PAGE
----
Moose (Älg in Swedish) can be found all over Sweden and is actually believed to be one of the world’s most densely populated country with moose. Wild animals like wolves, bears, arctic foxes, wolverines, lynx, wild boar, otters are common in Sweden. Coming from Asia, these animals are rather exotic to me. For the introduction week, all new students at University of Borås as well as their partners/families get complimentary visit to the Borås Zoo, the second biggest zoo in Sweden and one of the main attractions in the city. The zoo maintenance is pristine with large roaming space for the animals. It’s so amazing to see the wolverines and lynx up close and several brown bears and baby bears. All photos were taken by me at the zoo. Of course, there are more animals in the zoo that were not photographed here. Best time to visit is definitely summer or early autumn, bring along your picnic mat, food and lots of sunshine.
Where to see Lynx in Sweden?
Apart from zoos, Lynx are found in all areas of Sweden, including some of the more densely populated areas are Sörmland, Uppland and Bergslagen. The Lynx is the largest cat animal in Europe and the third largest predator in Sweden after the Brown Bear and Wolf. This extremely efficient hunter uses fine-tuned techniques to bring down animals much larger than its own size, delivering a fatal bite to the neck or snout of an unsuspecting deer. Lynx is perhaps the most difficult mammal to spot in Sweden. And the most popular. Few people ever get to see a Lynx. So, forget about wild Lynx. Just go to the zoo.
Facts about Lynx in Sweden
Scientific name: Lynx lynx
Length: 90 – 110 cm
Height: 60 – 75 cm (at the withers)
Weight: 20 – 28 kg (male), 15 – 20 kg (female)
Lifespan: 10 – 14 years
Population in Sweden: An estimated 1250 individuals.
Natural predators: Man (hunting + traffic)
Where to see Bears in Sweden?
Bears can be found in the Northern 2/3 of Sweden. Which means from Dalarna, Gävleborg and all the way to the North. However, researchers have shown that Central Sweden with Dalarna, Gävleborg and Jämtland are the most densely populated areas with Bears in Sweden.
Facts about Bears in Sweden
Scientific name: Ursus arctos
Height: 100 – 280 cm, up to 135 cm to the shoulder
Weight: 60 – 100 kg (female) 100 – 250 kg (male)
Lifespan: 20 – 30 years
Hibernation period: October/November – April/May
Mating period: May – June
Breeding period: January – February
Where to see Moose in Sweden?
Moose can be seen all over Sweden except on the remote island of Gotland. They prefer forests but you can also find them in populated areas and even close to towns. I still have not met a wild moose and I really want to.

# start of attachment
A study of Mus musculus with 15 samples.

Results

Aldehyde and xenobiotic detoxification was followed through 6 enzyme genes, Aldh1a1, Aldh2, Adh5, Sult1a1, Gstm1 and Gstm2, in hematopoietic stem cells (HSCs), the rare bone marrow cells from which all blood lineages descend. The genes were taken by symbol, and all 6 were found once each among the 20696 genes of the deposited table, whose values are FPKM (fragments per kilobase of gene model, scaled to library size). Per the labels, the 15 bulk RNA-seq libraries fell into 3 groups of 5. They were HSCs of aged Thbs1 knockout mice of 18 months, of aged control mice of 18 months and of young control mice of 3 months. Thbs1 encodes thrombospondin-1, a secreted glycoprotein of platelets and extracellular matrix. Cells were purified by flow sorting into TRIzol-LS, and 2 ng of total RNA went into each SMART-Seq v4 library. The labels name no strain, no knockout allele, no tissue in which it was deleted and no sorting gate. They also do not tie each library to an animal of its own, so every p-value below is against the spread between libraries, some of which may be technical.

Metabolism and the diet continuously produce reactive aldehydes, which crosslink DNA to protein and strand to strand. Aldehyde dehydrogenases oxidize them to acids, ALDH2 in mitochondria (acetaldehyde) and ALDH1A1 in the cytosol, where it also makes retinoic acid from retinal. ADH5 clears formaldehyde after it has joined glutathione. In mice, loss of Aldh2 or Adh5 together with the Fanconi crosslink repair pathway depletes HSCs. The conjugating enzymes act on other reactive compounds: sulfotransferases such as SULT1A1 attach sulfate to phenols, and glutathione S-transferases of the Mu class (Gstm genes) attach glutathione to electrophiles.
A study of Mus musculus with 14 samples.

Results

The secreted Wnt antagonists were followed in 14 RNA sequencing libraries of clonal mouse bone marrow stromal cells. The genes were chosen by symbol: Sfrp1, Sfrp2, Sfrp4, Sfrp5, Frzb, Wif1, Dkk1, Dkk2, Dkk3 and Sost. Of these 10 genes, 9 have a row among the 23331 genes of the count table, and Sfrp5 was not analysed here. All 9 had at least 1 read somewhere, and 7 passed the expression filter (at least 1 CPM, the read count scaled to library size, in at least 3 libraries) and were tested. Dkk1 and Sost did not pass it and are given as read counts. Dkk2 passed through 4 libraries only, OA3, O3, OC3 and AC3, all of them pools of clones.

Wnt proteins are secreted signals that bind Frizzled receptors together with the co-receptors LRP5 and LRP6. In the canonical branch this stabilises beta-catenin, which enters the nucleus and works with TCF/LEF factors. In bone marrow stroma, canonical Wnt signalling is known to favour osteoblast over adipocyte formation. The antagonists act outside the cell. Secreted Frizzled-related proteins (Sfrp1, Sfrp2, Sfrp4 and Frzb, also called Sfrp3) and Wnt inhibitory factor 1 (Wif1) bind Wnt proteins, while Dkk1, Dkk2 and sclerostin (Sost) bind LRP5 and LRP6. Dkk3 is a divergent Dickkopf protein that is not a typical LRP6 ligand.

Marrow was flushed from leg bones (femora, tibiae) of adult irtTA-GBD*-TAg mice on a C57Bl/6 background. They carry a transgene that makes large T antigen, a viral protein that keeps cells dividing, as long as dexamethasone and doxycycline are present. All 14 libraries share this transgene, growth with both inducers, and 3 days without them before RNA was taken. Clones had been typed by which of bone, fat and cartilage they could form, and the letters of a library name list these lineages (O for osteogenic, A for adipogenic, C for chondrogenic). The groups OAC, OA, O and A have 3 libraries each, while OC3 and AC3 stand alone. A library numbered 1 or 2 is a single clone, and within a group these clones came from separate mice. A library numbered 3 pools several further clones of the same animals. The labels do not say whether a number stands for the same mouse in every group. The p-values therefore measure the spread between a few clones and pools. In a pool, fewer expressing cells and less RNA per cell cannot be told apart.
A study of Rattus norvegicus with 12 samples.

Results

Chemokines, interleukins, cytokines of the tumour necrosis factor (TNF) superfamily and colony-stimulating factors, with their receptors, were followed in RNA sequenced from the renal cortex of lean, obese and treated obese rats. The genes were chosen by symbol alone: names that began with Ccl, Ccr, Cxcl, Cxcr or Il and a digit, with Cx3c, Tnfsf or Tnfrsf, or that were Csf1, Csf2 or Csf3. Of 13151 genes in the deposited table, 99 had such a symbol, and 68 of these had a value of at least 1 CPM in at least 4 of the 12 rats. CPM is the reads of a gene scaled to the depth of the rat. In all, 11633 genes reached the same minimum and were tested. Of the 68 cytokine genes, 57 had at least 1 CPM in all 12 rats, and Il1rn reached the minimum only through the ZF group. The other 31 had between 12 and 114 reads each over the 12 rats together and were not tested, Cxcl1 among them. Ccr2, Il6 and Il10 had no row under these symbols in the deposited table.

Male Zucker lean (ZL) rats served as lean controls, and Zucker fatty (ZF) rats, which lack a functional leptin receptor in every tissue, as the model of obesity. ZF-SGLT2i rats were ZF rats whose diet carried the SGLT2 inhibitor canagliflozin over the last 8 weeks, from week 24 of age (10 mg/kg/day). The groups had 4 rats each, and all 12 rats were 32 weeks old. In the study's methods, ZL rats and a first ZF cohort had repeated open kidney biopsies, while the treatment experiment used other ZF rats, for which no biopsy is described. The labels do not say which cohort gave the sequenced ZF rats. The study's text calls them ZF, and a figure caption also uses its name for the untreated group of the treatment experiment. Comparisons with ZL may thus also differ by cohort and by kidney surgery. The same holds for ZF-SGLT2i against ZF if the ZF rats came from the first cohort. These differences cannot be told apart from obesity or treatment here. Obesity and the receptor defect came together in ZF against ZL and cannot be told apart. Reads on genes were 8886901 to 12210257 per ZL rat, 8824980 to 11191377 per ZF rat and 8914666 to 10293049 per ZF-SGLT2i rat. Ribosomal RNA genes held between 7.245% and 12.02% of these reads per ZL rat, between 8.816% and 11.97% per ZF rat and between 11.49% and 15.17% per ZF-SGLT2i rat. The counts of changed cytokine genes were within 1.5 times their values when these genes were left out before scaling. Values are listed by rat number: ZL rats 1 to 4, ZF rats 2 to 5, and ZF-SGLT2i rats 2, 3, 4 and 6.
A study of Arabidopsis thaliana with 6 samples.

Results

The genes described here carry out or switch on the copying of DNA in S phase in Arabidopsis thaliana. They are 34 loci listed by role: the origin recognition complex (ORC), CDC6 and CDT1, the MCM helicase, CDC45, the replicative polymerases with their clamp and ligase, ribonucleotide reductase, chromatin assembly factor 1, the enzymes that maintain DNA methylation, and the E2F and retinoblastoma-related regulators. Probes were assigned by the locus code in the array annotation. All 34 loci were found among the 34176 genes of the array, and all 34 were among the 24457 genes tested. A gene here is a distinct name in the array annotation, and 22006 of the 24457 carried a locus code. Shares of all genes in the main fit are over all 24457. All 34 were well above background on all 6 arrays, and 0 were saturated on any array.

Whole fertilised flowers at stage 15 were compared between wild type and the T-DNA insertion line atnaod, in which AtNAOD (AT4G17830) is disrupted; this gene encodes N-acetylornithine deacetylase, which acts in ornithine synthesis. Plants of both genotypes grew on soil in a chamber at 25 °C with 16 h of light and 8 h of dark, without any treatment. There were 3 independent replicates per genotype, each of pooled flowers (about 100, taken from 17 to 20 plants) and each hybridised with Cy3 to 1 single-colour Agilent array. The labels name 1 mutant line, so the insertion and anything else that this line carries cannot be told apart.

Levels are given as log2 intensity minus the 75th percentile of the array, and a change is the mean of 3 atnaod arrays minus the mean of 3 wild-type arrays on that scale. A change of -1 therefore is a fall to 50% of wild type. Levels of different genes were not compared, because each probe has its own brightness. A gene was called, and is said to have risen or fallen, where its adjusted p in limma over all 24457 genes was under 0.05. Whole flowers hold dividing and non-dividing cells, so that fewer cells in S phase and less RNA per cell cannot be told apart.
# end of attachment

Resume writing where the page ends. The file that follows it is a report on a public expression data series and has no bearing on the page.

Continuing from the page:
Facts about Moose in Sweden
Scientific name: Alces alces
Height: 170 – 210 cm (at shoulder)
Weight: 200 – 360 kg (female), 380 – 850 kg (male)
Lifespan: 12 – 25 years
Population in Sweden: The Summer population is estimated to be 300,000–400,000 moose. Around 100,000 are hunted each Autumn.
Natural predators: Man (hunting + traffic) Wolf, Brown Bear
Where to see Wolverines in Sweden?
Always reminded me of X-men. The claws are not what I imagined but it is still a really cute animal. The wolverine can be found primarily in remote reaches of Sweden’s mountainous regions such as Norrbotten, Västerbotten and Jämtland but in recent years the Wolverine has spread South-East into the forested regions of Central Sweden such as Dalarna and Gävleborg. It’s not easy to spot the wolverines even in the zoo as they are rather shy and fast. Good thing was I caught up randomly on their meal times and had a really good view.
Facts about Wolverines in Sweden
Scientific name: Gulo gulo
Length: 95 – 100 cm
Height: 40 cm (at the withers)
Weight: 12 – 18 kg (male), 8 – 12 kg (female)
Lifespan: 10 – 12 years
Population in Sweden: An estimated 600-700 individuals. The population has grown in recent years and also spread South to forested areas in Central Sweden like Gävleborg and Dalarna.
Natural predators: Man (protective and illegal hunting)
More animals in Borås Zoo
Source: Facts about wild animals in Sweden are taken from Wild Sweden.